How Swedes feel about having neighbours from different backgrounds
Do you care where your neighbours come from? A surprising number of people in Sweden say they do. Photo: Fredrik Sandberg/TT
A majority told a new survey it did not matter to them where their neighbour came from, but more than one in five Swedes said they felt negatively about the idea of living next to someone with a Muslim or Middle-Eastern background.

In a survey by polling company Novus, people from a group representative of the Swedish population were asked how they would feel about having a neighbour from different backgrounds. 

The majority said it did not matter to them where their neighbour came from, but around one in five would not be happy to have a neighbour with a certain background.

A total of 22 percent said they had “negative” feelings about the idea of living near someone from a Muslim or Middle Eastern background, with just four percent saying they felt positively about the idea.

And only four percent said they would feel positively about having a neighbour with an African background, with 16 percent saying they'd have negative feelings about this.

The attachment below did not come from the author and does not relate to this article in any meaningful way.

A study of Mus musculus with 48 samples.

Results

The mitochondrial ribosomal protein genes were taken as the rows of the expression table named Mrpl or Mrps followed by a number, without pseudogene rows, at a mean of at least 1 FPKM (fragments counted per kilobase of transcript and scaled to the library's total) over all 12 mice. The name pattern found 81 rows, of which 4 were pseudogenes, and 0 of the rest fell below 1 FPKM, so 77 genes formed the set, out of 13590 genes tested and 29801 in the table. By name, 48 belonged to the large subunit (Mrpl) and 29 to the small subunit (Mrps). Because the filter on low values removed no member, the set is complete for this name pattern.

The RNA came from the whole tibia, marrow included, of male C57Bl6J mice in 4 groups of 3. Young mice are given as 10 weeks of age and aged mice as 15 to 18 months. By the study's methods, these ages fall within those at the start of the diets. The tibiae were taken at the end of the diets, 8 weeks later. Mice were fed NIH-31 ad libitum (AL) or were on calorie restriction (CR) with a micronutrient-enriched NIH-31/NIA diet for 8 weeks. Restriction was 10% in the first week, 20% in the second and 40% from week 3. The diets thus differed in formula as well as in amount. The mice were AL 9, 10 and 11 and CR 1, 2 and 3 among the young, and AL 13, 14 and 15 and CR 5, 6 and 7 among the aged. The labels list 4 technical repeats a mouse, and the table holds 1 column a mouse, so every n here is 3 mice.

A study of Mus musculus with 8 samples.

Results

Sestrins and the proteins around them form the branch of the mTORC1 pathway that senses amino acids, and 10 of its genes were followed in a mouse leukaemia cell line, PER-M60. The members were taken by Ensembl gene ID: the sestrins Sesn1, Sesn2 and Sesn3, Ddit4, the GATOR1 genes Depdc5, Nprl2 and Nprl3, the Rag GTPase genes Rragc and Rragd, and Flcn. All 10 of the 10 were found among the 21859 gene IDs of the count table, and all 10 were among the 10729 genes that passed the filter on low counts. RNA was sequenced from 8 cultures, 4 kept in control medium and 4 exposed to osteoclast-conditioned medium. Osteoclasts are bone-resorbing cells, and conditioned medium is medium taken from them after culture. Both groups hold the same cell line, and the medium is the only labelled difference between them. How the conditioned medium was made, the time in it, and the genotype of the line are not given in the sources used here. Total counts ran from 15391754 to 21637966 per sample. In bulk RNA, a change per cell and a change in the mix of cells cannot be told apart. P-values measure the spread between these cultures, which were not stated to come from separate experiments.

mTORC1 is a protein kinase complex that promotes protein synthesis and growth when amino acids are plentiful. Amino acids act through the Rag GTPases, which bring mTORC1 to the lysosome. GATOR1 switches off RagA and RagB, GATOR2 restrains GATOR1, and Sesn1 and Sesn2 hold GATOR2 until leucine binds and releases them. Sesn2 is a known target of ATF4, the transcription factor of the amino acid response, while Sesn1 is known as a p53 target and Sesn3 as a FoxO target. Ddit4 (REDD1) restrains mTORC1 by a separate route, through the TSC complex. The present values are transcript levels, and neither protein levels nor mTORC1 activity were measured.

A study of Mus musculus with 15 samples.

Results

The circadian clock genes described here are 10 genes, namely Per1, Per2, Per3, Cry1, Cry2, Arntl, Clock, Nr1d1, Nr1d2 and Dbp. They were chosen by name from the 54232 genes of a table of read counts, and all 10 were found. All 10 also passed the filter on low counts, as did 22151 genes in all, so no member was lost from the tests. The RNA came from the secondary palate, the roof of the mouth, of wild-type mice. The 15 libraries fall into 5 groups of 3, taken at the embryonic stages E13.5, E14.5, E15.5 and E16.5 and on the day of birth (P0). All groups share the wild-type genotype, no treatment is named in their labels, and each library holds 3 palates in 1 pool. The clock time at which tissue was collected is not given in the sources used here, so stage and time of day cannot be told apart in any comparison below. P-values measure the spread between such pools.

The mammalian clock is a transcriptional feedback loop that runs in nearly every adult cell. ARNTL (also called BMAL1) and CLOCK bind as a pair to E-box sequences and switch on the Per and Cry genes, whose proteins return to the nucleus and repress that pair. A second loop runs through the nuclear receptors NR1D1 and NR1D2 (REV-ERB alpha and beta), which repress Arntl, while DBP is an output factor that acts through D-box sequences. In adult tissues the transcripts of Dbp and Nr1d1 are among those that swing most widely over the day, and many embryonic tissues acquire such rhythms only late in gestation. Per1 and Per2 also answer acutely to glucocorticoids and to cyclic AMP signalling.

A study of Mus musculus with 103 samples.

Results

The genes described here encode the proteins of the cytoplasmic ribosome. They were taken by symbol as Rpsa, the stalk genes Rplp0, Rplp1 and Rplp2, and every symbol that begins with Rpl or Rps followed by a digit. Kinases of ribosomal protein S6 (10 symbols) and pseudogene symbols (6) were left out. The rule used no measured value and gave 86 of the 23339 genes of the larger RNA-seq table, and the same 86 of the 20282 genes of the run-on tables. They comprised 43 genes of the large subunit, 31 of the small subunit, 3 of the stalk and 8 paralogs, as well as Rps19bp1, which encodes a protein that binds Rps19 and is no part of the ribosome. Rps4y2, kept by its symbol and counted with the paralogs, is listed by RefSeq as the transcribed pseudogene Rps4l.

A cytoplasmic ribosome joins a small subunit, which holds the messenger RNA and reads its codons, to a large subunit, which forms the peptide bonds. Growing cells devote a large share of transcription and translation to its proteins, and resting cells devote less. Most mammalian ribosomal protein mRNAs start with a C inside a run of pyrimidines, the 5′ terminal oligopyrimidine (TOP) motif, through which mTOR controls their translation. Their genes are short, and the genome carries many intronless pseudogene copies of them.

Meanwhile, 19 percent said they would feel positively about living near someone with a Swedish background, 12 percent answered “positive” when asked the same question about people of a Christian background, and nine percent for someone of a Jewish background. An equal proportion, one percent, said they felt negatively about a Christian or Jewish neighbour.

For each category, the majority (between 65 and 83 percent of respondents) said the background of their neighbour did not matter to them, while between three and ten percent responded “don't know”.

“Inclusion is about living as neighbours, going to the same school and being at the same workplaces. We aren't equally open here. This makes me worried for Sweden's future, it's something that needs to be investigated more deeply,” Ahmed Abdirahman, CEO and founder of The Global Village Foundation, told Dagens Nyheter

The pollsters also posed the same questions to people resident in Sweden's 60 vulnerable neighbourhoods, as part of a report by NGO The Global Village Foundation.

This group were in general less likely to say they would have negative feelings about a neighbour based on their background. Again, the vast majority (between 76 and 81 percent) said the background of their neighbour didn't matter to them.

Still, the highest proportion (20 percent) said they would feel positively about having a neighbour with a Swedish background, while 14 percent would feel positively about having a neighbour with an African background and only 13 percent gave the same answer about a Middle-Eastern neighbour.

Six percent said they would feel explicitly negatively about having a Middle-Eastern neighbour, compared to four percent about an African neighbour and just one percent about a Swedish neighbour.